When I approach a new novel (this is after I've done all the preliminary work ensuring the idea is novel worthy), I focus on "plotting" key elements of the story before I begin writing. These key elements are:
1) Strong characters. I need a protagonist and an opponent. These two characters are after the same thing in the story (the desire line of the protagonist runs the story. Everyone else in the story exists to either help the protag to get what he wants, or to try to stop him from getting what he desires. Everything hinges on this element), so they both have to be outstanding. They have to be compelling even if they were standing against a blank wall.
1a) In conjunction with strong characters, I don't start writing until I can hear them speak. Dialogue is plot. Knowing how my characters speak is the first step to discovering what they will say.
1b) A moral argument/theme. In great stories all the characters in the novel live out various expressions of the stories moral argument. I need to plot my characters so that as many facets of the moral argument or theme is being played out.
2) A strong sense of movement in the story. I tend to start with theme when I begin thinking about a new story. So I need to ensure my themes have taken on flesh and started walking around before I start writing. Until there is movement in the story, all I have is a collection of interesting ideas, and pretty images.
3) Setting. My favorite editor will laugh at this (I'm notorious for vague settings), but setting or non-setting is a huge influence on plot. There are things that can only happen because of where the story takes place. And there are things that cannot happen because of the setting. Also, setting is another character in the story and must also reflect the moral argument.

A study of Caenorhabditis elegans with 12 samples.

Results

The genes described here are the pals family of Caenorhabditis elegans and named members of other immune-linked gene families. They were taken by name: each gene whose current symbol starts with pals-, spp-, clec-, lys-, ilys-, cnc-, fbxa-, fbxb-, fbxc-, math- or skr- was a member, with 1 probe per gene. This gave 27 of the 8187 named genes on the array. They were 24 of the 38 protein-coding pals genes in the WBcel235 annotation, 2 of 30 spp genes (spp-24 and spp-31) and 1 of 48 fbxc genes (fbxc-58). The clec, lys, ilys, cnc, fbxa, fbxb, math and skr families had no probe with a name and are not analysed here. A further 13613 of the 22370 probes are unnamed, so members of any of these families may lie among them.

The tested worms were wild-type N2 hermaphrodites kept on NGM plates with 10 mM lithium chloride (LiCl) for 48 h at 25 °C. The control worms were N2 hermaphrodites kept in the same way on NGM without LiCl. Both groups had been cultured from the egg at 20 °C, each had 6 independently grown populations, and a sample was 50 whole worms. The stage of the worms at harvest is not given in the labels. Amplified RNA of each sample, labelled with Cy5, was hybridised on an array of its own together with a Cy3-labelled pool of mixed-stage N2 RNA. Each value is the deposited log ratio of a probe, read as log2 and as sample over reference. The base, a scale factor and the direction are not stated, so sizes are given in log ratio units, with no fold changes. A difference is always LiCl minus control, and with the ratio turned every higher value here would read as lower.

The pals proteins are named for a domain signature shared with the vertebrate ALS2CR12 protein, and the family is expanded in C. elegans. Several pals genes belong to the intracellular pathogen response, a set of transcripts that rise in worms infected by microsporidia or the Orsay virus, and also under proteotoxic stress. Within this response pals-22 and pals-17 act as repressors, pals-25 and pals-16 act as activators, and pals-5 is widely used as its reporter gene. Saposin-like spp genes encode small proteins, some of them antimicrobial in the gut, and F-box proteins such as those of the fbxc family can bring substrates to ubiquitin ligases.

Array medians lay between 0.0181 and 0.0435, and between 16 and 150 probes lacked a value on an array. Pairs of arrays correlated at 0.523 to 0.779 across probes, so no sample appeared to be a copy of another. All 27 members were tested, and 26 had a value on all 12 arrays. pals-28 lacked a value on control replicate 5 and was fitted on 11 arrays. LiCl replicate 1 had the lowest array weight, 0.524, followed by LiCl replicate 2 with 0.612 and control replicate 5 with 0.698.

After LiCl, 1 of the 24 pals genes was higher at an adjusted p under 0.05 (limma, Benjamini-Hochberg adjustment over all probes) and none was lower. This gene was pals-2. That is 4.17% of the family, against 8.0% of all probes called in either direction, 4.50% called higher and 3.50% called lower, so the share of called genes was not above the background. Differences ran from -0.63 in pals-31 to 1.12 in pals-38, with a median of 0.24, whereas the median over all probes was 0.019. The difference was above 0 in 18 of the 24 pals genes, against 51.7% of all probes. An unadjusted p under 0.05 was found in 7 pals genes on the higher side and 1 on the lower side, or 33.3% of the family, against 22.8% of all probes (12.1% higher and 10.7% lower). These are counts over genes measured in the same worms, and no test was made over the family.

Here are some Bonnie Grove FAQ:
Q: Do you write a "pitch line" for a story before you write the story?
A: Yes. It's a premise line and I think it's necessary to write one before I start writing the novel. It guides the writing. This is both more simple and more difficult then it appears.
Q: Do you write a synopsis before you write the story?
A: No. I write a great many details and do a great deal of planning before hand, but nothing that resembles a synopsis. When or if I require one, I can write it quickly enough.
Q: Do you outline?
A: As stated above, the answer is sort of. After I do the plot work above, I write a scene weave sequence--which is a sentence or two about the main action of all the scenes I want to write. (e.g. At the store: Dan and Bob argue about money. Bob leaves angry.) Doing this allows me to track the tension/action throughout the story and still be able to make tons of changes without having to do a bunch of rewriting.
Q: Do you know the ending before you begin?
A: Yes. But I've rewritten endings, too. I like to know where I'm headed when I start out, but I am prepared to be wrong about my choice. I try to stay flexible. And I know when I start, I'll likely end up in the expected emotional/moral place I wanted to, but it might look very different when I arrive.
CONTEST!! Find your True Story:
Comment on this post today and through the weekend to be eligible to win. A winner will be chosen randomly on MONDAY, MAY 9th.
Prize: The winner will submit their short synopsis. I will work with the winner, digging through the story to find the key elements, and the heart of the story. Then, we will craft a killer pitch line (premise) that will be the guiding force behind plotting and writing your story.
Got a story you that won't come into focus? Want a steady hand to help you work through a problem area? This is your contest! Enter today! Not everyone who comments is necessarily entering the contest. We welcome all comments! If you would like to be entered include the abbreviation FYTS at the end of your comment.